Thomas Jefferson sent a letter to John Norvell in 1807 in response to a query from Mr. Norvell regarding the proper manner in which to run a newspaper.
It is readily apparent from Jefferson's statements that a similar type of the corruption rampant in the mass media today had materialized already in Jefferson's time, more than 200 years ago.
To be continued, with lists of names, etc...
John Norvell to U.S. President Thomas Jefferson:
“It would be a great favor, too, to have your opinion of the manner in which a newspaper, to be most extensively beneficial, should be conducted, as I expect to become the publisher of one for a few years.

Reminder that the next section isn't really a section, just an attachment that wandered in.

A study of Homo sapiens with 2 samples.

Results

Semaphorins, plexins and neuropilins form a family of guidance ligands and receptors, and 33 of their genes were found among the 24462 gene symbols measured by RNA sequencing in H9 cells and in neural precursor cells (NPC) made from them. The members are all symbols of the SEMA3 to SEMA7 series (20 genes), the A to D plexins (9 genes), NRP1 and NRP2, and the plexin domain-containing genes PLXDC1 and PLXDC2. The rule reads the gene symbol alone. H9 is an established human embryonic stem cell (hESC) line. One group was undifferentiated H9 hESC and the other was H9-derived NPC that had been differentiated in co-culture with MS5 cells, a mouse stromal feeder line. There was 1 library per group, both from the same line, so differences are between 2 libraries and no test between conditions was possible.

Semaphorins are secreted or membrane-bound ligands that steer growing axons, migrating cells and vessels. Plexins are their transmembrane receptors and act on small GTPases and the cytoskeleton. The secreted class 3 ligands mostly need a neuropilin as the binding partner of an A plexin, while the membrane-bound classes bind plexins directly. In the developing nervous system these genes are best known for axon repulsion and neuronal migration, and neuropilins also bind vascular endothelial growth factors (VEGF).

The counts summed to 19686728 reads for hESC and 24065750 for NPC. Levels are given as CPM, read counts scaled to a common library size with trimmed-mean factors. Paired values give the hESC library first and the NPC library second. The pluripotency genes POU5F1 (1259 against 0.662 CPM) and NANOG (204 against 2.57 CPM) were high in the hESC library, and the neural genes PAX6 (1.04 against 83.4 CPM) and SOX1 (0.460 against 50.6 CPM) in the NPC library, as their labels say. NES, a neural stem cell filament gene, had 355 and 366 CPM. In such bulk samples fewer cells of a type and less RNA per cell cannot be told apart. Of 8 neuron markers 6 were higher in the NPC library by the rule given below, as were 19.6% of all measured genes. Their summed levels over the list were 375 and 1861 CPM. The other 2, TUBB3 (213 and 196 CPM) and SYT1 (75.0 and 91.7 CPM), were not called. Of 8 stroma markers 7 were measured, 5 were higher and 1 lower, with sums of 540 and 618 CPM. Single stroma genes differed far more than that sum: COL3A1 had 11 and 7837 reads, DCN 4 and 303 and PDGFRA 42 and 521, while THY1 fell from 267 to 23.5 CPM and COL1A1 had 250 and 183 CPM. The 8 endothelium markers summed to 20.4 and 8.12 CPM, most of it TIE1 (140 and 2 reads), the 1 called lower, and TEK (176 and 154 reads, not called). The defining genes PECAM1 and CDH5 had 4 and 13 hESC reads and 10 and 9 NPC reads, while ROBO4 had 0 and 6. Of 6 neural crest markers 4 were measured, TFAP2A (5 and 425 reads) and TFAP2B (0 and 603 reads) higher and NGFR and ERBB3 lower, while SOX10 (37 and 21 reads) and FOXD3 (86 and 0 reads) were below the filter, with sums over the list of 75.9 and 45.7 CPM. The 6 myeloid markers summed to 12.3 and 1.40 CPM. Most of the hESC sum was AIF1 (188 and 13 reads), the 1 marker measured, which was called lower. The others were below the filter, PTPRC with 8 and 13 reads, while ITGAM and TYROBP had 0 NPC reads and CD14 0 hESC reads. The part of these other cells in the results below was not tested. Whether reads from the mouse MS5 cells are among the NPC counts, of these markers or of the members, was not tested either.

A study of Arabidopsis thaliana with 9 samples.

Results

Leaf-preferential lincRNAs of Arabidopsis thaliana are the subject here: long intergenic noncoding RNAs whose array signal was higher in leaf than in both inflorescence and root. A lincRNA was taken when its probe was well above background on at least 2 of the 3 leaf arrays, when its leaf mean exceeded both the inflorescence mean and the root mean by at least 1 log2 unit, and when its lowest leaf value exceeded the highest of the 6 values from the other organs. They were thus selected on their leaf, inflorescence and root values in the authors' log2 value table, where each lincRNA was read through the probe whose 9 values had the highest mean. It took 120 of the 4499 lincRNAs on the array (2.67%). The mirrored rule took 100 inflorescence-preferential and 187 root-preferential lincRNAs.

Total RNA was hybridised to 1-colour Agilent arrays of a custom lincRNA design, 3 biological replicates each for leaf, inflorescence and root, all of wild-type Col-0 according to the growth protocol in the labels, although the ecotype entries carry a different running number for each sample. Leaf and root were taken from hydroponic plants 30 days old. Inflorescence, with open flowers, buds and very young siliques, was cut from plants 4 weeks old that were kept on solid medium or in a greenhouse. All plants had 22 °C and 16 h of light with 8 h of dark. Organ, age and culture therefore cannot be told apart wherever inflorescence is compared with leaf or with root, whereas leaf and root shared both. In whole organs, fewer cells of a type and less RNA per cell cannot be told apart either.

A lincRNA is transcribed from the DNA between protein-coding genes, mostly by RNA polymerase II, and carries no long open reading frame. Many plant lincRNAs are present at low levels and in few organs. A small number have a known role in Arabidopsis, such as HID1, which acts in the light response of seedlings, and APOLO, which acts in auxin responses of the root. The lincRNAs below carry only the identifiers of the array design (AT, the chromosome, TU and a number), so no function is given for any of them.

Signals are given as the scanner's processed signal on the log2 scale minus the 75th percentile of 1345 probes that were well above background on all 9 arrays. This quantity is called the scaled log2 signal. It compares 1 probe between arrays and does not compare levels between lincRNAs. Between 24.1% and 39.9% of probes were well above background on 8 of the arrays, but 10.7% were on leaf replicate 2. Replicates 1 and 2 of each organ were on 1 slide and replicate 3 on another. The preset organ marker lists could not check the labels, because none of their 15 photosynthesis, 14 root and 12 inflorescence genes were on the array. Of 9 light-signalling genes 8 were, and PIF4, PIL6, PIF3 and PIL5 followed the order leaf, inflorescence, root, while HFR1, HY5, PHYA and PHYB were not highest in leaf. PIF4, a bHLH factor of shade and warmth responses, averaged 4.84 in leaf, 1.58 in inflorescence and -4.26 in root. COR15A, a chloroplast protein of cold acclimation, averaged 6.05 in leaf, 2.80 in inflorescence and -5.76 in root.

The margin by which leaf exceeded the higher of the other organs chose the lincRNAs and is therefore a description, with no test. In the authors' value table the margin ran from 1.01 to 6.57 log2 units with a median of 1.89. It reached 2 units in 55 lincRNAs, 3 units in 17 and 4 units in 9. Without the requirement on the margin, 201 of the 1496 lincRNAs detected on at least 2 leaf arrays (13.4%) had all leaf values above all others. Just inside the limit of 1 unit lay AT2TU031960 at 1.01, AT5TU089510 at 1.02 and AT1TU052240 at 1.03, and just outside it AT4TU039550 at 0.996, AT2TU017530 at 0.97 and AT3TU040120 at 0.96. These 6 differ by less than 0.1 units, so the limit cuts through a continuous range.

Accept venerable patriot, my warmest wishes for your happiness.
Jefferson's response included a scathing critique of newspapers:
To your request of my opinion of the manner in which a newspaper should be conducted, so as to be most useful, I should answer, `by restraining it to true facts & sound principles only.' Yet I fear such a paper would find few subscribers. It is a melancholy truth, that a suppression of the press could not more completely deprive the nation of its benefits, than is done by its abandoned prostitution to falsehood. Nothing can now be believed which is seen in a newspaper. Truth itself becomes suspicious by being put into that polluted vehicle. . . . I will add, that the man who never looks into a newspaper is better informed than he who reads them; inasmuch as he who knows nothing is nearer to truth than he whose mind is filled with falsehoods & errors. He who reads nothing will still learn the great facts, and the details are all false.